These two words have become pretty much interchangeable, but it’s worth understanding the distinction between them. The island is officially called Itsukushima, but it’s popularly known as Miyajima, which means Shrine Island.
Whether you plan to stay overnight or not, arrive on Miyajima as early as your itinerary allows to give yourself enough time to explore both the shrine and Mount Misen. The first boats depart from Miyajimaguchi, the closest mainland port, at 6.25am, and run every 15 minutes from 8.10am. For those who arrive promptly, breakfast is available at a number of cafés.
Itsukushima Shrine’s torii gate looks completely different at low tide compared to its appearance at high tide. When the tide is high, the Seto Inland Sea surrounds the torii gate, giving it the illusion of floating on water, and recreating the image so recognisable from postcards and tourism brochures. In contrast, at low tide, the torii gate stands proudly in the sand, and while it might not be as picturesque from afar, at this time of day visitors can walk right up to the gate to admire it from up close. Check the tide times in advance and plan your day accordingly.
With the tide drifting in and out daily, at low tide there are still plenty of pools of water in the uneven sand that surrounds the torii gate. To avoid spending the rest of the day with wet feet, it’s best to be prepared with sensible footwear.
Hiroshima prefecture is famous for its oysters, so where better to try them than on Miyajima, where they’re freshly harvested from the sea. Taste them at Yakigaki no Hayashi restaurant on Omotesando Shopping Street, or freshly grilled from a street stall. Oyster buns are also for sale at some stands.
Miyajima is well known for its stunning maple trees, which turn beautiful shades of red in the autumn months. The island’s most popular sweet treat, momiji manju (maple-leaf buns), are inspired by the trees, and have been made here for a century. They’re sold fresh from stands on the island’s main drag, where cake batter is poured into maple leaf-shaped hot pans and filled with sweet bean paste, resulting in a deliciously moreish bun.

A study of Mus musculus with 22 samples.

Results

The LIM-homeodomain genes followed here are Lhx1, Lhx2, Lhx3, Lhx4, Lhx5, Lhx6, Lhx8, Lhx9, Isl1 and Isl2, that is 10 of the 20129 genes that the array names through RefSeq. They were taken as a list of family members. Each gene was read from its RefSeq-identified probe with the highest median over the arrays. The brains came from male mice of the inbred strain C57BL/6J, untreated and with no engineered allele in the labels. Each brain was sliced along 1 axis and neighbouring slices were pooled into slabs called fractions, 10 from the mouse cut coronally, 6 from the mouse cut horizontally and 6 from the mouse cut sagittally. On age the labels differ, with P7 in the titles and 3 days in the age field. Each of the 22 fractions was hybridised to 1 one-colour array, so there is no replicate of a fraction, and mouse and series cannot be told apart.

Itsukushima is populated by hundreds of tame sika deer, the same friendly breed that you’ll meet in Nara. Deer are considered to be the messengers of the gods in Shintoism, and are therefore regarded as sacred. But they’re so tame on Miyajima that they can sometimes be a little too amiable. Keep any food out of their range, as they’ve been known to climb up onto benches to steal street food from unsuspecting hands. Deer are herbivores, so feeding them is discouraged, and it’s best to avoid littering the ground with food that they might snaffle for themselves.
The upward hike from ground level to the top of Mount Misen takes between one and two hours, which can be gruelling on hot days. Instead, pay for the ropeway up, and take in the scenery as you slide effortlessly up the hill. The tallest mountain on the island, Mount Misen is well worth ascending, and it has been deemed a sacred site since ancient times. From where the ropeway drops passengers, you’ll still need to climb a little way (around 30 minutes) to the peak, passing Buddhist halls belonging to the Daisha-in temple along the way. At the summit, there are wonderful views over the island and the sea below. Save money by walking back down, giving yourself the chance to fully experience the mountain’s old-growth forest and wildlife.
To really soak up the experience of being on the island, book a room for the night rather than returning to the mainland. At around 5pm, the majority of visitors start to leave Itsukushima, which means that you’ll be able to experience it at an unusually quiet, relaxed pace. It will also allow you to see the torii gate at sunset, an opportunity that many people miss. The island has plenty of traditional ryokan (Japanese inns) to choose from, most of which serve food (be aware that there are not a lot of food and drink options open in town in the evening).